THE man who has led the League of Friends of Musgrove Park Hospital, in Taunton, for the past 25 years is stepping down.

Dr Chris Cutting, a former accident and emergency consultant, said it was time for somebody new at the helm.

He will be succeeded by Clinton Rogers, who for more than 40 years was the BBC’s correspondent in Somerset and is currently a Deputy Lord Lieutenant of Somerset.

Dr Cutting served as a consultant at Musgrove Park Hospital for 29 years, one of the first in a pilot scheme established by the NHS in 1972. 

It was a specialism which grew from a dozen doctors in what was then known as ‘Casualty’ to the Royal College of Emergency Medicine.

Dr Cutting said: “I have always said that I think the League of Friends of Musgrove is one of the most successful charities of its kind in the country.

“During the last six decades we have funded equipment at the hospital worth more than £8 million. 

“And almost everybody connected with the charity is a volunteer.

“It has been a real pleasure for me to be part of it for so long.”

League chairman Peter Renshaw said Dr Cutting’s contribution to the charity could not be overstated.

He said: “His background knowledge, his commitment, his enthusiasm, has been inspirational for others.

“We will miss him as president but I know he will still be there to support us in what we do.”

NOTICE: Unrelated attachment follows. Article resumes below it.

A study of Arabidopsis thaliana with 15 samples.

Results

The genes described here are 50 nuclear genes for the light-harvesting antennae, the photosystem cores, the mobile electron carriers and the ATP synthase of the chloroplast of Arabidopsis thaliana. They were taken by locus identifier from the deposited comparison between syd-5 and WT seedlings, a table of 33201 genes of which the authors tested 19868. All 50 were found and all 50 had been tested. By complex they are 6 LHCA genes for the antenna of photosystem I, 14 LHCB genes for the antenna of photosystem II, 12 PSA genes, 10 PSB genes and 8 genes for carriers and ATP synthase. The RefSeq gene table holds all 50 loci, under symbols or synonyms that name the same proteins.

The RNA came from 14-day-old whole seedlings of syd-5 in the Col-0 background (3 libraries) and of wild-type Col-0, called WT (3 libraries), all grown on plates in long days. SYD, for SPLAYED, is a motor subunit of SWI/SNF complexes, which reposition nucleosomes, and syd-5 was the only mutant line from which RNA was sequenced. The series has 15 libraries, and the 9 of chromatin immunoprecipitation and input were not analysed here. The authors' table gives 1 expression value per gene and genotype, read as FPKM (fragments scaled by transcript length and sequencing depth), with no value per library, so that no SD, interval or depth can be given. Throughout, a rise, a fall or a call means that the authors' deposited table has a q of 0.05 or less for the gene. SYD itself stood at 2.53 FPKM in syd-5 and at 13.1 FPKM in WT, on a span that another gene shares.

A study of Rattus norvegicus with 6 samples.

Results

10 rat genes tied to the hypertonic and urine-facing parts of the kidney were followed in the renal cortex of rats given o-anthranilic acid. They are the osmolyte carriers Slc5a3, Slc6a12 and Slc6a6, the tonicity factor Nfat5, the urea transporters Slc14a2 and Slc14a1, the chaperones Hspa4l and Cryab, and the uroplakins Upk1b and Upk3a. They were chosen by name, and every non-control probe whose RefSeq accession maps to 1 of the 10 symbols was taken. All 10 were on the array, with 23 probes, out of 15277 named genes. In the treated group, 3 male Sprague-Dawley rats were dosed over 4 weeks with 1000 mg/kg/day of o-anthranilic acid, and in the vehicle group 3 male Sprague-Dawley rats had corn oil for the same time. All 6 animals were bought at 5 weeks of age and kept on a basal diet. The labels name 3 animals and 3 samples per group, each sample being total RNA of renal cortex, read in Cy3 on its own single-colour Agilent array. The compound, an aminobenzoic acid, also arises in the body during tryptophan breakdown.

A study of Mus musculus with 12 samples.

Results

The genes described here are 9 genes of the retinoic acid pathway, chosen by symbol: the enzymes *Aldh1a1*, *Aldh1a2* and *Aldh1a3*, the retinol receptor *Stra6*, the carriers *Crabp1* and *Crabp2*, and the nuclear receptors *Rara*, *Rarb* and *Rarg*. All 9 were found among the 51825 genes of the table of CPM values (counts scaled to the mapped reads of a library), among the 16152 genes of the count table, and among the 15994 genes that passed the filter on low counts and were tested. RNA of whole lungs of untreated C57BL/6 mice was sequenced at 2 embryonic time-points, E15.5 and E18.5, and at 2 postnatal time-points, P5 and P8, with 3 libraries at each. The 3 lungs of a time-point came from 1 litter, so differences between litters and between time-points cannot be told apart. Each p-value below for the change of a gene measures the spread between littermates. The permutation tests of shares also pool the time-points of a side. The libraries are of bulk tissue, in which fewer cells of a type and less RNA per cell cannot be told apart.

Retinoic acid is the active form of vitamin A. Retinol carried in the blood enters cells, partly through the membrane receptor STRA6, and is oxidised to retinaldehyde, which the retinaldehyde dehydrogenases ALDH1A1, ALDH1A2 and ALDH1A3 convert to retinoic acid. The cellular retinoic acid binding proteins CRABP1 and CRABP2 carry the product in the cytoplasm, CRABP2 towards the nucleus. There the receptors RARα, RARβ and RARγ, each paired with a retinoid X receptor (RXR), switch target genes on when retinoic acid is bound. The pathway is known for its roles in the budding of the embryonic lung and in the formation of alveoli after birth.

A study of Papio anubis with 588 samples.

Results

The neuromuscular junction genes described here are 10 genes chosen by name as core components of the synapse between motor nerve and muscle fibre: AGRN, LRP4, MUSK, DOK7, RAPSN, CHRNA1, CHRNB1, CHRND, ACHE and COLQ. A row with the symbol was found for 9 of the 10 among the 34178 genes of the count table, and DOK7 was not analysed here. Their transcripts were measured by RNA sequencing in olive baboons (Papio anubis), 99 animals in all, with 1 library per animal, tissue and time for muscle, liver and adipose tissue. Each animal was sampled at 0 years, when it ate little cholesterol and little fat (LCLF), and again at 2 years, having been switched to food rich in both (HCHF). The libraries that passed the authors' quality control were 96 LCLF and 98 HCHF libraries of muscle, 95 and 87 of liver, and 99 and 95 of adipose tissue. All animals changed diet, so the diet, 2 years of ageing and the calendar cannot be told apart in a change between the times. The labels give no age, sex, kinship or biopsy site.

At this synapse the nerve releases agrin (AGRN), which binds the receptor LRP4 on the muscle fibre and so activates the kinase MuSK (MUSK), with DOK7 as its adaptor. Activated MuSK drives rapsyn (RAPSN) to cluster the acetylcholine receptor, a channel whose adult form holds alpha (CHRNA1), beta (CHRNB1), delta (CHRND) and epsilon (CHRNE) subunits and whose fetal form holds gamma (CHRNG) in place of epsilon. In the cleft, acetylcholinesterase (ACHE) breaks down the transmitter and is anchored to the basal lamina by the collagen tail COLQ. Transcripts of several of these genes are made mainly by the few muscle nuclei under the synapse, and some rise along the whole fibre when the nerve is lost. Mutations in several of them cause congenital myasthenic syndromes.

The league recently gave £1.5 million to the hospital to buy its first robotic surgery console, enabling robotic surgery to take place in Musgrove for the first time.

The shop in Musgrove is run by the League of Friends, as is Bastable Lodge, a bungalow on the hospital site which enables relatives of acutely ill patients to have emergency accommodation free of charge.

Mr Rogers said: “The league was the original charity at Musgrove and I know it is close to the hearts of many people.

“It is a true honour to be asked to become president, though I accept the role with some trepidation.

“Chris will be an almost impossible act to follow.”

The league relies heavily on public support for its fund-raising, in particular legacies, which in the past have enabled it to fund huge projects in the hospital, including the robotic surgery.

Mr Rogers said: “We have to keep the league of friends in the public eye.

“It does such enormously important work, but we all know that in these straightened times, fund-raising is hard.”